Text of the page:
Bandai Namco and GameCoder Studios’ Attractio is a first-person puzzler that attempts to fill in the void left by classics like Portal 1 and 2, giving players more boxes to play with and new head-scratching puzzles to solve, but this time set in the grounds of a deadly reality TV game show that’s held in a space station. While it’s not terribly original, does the game have enough going for it to entertain the masses?
Developed by GameCoder Studios/ Published by Bandai Namco
Available on the PC and PS4. Reviewed on the PC.
*Review code provided by Bandai Namco
Attractio’s plot is simple, straight to the point and very silly. Attractio is a galactic game show that has contestants attempt to clear a gauntlet of dangerous and tricky puzzle rooms using gravity in order to win a prize. The three contestants this time around are Dalek, a convict trying to win his freedom, Mia, a police woman from Mars looking to score some new technology, and Keir, a worker looking to provide for those in need. The first one to reach the end wins the prize, but only if they can survive the many dangers ahead.
If the idea of a space reality game show sounds corny as hell, it’s because it is, and while it could have been a good kind of campy, the story is pretty awful. Though the overall concept has potential, the writing in the game is dull and unimaginative, characters are flat and stereotypical, and the world-building is full of clichés and concepts that don’t really make sense (a quake in Mars is known as a marsquake? – edit – they do exist.). The subpar voice acting also doesn’t really add much to the whole experience either, so expect no surprises there.
Thankfully, the gameplay is much better than the bland plot, drawing influence from the best games in the genre. It plays very similarly to Valve’s Portal games, but it brings the ability to control gravity as the main gameplay mechanic, which is pretty cool. The controls are very similar as well, with players navigating the rooms from a first-person perspective and armed with a simple jump to get over small pits and climb waist-high platforms. Players can also pick up boxes, which are absolutely important in solving the game’s puzzles, and place them anywhere except in lava or dangerous liquids to climb up on to reach higher areas, or use them to activate switches needed in order to proceed past rooms. With the whole gravity element in play, players often need to manipulate it to get the boxes onto hard to reach places or shift the direction of gravity the box already has to send it flying where it needs to go. This is done by using special gravity boxes that shift other boxes’ gravitational fields depending on the side that touches the gravity box, making for some tricky and often original puzzles that’ll have players manipulating both types to solve cool scenarios. While it sounds pretty complex, the concept of playing with gravity is easy to learn and most puzzles can be solved pretty quickly. There’s a few of them here and there that’ll have players suffer for a bit, especially during the later stages, but once players figure out the trick to solving them, it’s pretty satisfying.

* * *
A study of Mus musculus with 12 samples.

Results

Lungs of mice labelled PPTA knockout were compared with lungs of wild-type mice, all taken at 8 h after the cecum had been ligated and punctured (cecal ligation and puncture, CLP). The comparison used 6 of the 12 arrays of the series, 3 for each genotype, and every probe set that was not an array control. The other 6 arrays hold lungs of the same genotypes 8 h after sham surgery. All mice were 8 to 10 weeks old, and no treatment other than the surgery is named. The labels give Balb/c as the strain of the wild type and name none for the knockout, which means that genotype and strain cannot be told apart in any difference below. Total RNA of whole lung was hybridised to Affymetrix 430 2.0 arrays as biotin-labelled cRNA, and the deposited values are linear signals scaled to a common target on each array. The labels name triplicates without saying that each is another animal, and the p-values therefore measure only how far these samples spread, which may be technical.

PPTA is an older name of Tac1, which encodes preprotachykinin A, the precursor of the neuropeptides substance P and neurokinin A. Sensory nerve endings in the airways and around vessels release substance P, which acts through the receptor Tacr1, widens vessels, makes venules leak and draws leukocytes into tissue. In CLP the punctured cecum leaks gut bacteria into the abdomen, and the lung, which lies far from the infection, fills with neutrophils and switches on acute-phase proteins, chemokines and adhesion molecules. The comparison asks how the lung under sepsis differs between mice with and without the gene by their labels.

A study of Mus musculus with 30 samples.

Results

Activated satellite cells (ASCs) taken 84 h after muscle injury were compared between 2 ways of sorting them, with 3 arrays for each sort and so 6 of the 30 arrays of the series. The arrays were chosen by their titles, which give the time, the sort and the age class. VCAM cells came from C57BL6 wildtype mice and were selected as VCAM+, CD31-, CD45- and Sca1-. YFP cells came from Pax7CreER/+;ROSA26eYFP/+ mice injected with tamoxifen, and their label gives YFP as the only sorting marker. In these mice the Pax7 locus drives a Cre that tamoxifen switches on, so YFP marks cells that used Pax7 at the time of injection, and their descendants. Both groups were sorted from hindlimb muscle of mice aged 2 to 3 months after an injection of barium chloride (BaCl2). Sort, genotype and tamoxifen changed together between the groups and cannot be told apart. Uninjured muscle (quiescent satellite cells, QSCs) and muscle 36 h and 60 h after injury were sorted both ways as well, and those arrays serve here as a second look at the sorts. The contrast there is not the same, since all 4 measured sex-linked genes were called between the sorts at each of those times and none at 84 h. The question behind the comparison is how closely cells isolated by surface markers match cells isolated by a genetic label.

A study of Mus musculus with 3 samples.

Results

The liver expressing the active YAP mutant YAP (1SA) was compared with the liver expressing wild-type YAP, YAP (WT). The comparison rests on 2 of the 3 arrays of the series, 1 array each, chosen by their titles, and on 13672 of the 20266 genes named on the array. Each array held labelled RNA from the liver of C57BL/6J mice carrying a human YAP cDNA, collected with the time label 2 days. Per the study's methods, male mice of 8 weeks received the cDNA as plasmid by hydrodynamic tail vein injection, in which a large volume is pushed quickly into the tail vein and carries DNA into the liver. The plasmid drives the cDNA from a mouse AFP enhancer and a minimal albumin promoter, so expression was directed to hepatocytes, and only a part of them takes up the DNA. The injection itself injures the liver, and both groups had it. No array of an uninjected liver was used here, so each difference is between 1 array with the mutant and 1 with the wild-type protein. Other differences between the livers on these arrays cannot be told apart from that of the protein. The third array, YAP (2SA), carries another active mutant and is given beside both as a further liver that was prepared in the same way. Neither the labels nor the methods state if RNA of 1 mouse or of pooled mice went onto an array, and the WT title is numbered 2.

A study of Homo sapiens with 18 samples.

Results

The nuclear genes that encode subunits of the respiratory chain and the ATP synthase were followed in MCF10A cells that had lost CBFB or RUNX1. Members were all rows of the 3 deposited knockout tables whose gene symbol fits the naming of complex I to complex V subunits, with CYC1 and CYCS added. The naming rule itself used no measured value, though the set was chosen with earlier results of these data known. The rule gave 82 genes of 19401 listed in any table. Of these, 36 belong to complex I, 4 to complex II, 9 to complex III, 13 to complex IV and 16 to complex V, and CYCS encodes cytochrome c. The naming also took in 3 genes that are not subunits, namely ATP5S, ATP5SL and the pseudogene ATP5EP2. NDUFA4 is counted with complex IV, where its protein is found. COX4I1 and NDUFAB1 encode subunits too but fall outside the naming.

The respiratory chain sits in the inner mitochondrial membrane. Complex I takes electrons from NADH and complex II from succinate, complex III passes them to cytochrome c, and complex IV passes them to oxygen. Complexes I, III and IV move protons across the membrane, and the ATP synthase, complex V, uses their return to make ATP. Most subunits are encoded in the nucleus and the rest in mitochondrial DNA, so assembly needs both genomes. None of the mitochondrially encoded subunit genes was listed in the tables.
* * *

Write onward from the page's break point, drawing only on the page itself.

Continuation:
Adding to the challenge, the three competitors also have unique abilities of their own that are required to complete their respective puzzle rooms. Dalek can slow down time temporarily to catch fast moving boxes. Mia has gravity boots, which allow her to shift her gravity up or down to access additional platforms or paths. Keir has access to the Shifter gun, a weapon that allows players to manipulate the gravity of a box in six directions: up, down, left, right, backward, and forward. Soon after however, all three get access to the same tools. With these abilities, players gain even greater control of gravity, but they also add additional problems that need solving. Thankfully, these abilities are easy to use and are quite handy, though the Shifter Gun’s six directions are a bit of a hassle to switch between (particularly with the mouse on the PC), which can cause things to go wrong due to tricky controls rather than human error.
Players will also get a chance to switch between characters at a later point in the game as well. Initially, players get to control the three characters in individual stages, but at one point of the game, the characters will have to work together to progress. Switching between them is a breeze however, and it keeps the game from getting stale in the later stages.
Despite the entertaining and occasionally frustrating campaign, the game is pretty short, and even with three characters to play with, the replay value is low. Fortunately, a challenge mode also exists, challenging players to complete the campaign puzzles in a timely manner. While most of the in-game records are a bit crazy, it’s a fun option for those who like to challenge themselves with speedruns.
While the game draws a bit too heavily from other first-person puzzlers, GameCoder Studio’s Attractio is an entertaining adventure that has a few cool ideas that makes it stand out from the rest. Sure, the storyline and voice-acting is terrible and the setting could use some work, but the gameplay is solid and the gravity mechanic is neat enough to warrant a try.